I am part third-generation Irish, part second-generation Czech-Wendish, part second-generation Russian Ashkenazim Jew and there is some German, French and Iberian mixed in there for good measure. In short, I am an American. And, like the majority of us, we are immigrants to this country: each generation leaving economic or political crisis behind to seek a life in a land of promise. My grandfather, Maurice Fritz was born in London in 1903. His family left Russian in the late 1800's and came to America a few years after he was born to start businesses in Philadelphia. My grandfather, from what I'm told, started an ice cream business which he lost from gambling with the local priests at the race track.
Even in the 1920's my family was a bit unconventional. Maurice, a betting man and devout atheist until his death bed, married my Irish-Catholic grandmother, Mary Fisher Burke when he was 28 and she was 38. She had my uncle at 39 and my father at age 41. They were married in the under-croft of the Catholic church since inter-faith weddings were and are still not allowed in the sanctuary.
We don't really know how our last name became the German sounding name Fritz. It's rumored that it was shortened in Russia from a more Jewish sounding name in order to 'fit' better into the business community. What many don't realize is that in addition to Japanese Americans, Germans along with some Italians were also interred during the WWII years of 1942 to 1948. According to the National Archives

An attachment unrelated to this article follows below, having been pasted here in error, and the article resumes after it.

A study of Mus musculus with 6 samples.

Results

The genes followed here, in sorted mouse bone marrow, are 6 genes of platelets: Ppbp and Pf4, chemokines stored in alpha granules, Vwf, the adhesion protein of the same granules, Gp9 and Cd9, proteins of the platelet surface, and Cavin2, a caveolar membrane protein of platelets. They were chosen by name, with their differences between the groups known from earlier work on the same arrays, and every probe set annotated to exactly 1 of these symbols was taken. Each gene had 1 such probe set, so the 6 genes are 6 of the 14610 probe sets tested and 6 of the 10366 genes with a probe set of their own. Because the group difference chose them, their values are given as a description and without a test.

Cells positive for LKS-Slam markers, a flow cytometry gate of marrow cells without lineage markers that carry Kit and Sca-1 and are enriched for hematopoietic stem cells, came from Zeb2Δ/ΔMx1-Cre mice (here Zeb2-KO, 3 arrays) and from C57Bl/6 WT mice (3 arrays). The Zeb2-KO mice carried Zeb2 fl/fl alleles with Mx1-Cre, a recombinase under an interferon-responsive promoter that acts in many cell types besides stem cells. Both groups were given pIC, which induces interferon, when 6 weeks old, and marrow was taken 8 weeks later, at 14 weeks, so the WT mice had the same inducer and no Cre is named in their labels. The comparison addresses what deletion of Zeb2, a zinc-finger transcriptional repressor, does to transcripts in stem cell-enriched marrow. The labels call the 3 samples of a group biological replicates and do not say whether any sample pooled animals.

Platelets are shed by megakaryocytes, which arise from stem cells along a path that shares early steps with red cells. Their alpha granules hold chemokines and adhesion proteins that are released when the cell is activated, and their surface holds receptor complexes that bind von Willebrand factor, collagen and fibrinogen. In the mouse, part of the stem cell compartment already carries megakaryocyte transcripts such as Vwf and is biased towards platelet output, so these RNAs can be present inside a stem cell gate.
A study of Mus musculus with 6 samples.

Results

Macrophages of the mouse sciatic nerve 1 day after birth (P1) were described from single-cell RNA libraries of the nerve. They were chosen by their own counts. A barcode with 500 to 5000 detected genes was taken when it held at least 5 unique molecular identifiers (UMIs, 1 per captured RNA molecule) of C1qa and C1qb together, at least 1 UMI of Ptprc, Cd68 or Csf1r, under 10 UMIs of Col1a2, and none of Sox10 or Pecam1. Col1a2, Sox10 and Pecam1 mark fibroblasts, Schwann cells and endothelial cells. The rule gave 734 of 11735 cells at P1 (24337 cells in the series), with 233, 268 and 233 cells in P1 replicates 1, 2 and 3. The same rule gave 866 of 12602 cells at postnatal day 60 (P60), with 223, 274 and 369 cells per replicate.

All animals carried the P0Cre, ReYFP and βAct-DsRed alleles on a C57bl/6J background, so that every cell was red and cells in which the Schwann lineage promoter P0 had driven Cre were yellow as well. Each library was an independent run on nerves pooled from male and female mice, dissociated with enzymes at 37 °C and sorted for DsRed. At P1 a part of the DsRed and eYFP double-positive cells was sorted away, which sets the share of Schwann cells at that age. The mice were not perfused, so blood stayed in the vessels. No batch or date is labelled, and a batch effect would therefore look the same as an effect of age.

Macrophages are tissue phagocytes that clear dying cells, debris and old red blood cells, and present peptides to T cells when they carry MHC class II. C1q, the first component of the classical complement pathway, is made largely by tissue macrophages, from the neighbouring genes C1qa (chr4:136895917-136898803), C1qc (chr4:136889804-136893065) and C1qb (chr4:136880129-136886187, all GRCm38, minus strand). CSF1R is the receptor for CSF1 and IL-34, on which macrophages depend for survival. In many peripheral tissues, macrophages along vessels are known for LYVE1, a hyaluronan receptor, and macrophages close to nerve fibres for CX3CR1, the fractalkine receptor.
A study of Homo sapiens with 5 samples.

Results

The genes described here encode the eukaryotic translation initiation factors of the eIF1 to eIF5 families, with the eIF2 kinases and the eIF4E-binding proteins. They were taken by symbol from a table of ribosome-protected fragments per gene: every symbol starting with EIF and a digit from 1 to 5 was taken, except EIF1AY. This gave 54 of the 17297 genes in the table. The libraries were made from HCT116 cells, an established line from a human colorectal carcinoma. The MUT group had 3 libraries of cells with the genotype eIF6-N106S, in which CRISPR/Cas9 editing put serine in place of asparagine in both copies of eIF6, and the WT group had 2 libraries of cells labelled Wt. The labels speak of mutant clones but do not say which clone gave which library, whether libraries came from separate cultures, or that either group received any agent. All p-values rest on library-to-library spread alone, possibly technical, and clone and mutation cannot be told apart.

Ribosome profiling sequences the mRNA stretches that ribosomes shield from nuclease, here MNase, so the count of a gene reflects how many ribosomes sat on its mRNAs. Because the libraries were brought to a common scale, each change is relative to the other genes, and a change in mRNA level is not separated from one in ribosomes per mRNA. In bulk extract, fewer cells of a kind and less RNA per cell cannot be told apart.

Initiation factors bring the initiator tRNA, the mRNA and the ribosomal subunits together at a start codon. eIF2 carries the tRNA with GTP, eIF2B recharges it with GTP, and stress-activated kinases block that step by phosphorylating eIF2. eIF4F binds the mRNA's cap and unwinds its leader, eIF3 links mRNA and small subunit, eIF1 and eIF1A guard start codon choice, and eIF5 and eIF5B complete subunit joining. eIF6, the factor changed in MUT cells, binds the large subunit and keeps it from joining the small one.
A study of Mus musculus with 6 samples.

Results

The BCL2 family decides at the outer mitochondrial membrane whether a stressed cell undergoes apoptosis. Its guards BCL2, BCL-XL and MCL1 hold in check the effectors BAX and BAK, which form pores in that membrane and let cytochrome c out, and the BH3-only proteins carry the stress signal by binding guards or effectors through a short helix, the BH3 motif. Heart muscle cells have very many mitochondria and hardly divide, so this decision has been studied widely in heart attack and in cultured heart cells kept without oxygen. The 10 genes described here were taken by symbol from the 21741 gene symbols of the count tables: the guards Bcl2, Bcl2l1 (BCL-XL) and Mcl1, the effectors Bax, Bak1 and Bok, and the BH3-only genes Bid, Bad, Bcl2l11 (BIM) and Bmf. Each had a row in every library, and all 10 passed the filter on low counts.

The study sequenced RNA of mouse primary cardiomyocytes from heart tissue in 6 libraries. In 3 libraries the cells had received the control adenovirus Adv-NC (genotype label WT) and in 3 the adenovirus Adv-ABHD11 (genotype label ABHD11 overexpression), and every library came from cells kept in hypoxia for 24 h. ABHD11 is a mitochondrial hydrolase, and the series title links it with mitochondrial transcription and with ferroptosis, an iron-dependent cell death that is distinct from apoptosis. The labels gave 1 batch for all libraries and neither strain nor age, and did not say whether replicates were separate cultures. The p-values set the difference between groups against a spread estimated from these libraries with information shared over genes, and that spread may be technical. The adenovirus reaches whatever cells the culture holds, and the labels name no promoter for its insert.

As I sit at the Thanksgiving table this week, I reflect on the history of this country and try to push away the fear that is mounting about a new version of our country's darkest moments being given new power. But I also believe that in this country and across the world that there are more who are doing good.
Our familial history lessons are critical to solving the issues we face today. We should not shy away from them. Our histories contain stories of one grandfather's gambling, womanizing and drinking problems and the other owning his own mechanics garage. Talk about the daughter who had to drop out of school at 12 years old to take care of her brothers and father and of your dad given his first cigarette at age 4 by his uncle. Talk about drinking tea with milk and sugar and sleeping on the davenport because you're the littlest. Talk about being schooled in the virtues of organized labor by your elder who was a bigot and your 80 something life-long democrat of a mother who still spells out the word black. Talk about waiting in butter lines and recycling rubber for the war effort and drinking concentrated orange juice from a Hellman's jar. Talk about four generations going to the Jersey Shore and the first girl in the family to receive an advanced degree.
As we sit down this year, let's not talk about politics, but open our Thanksgiving dinner with the question, "Where does our family come from?"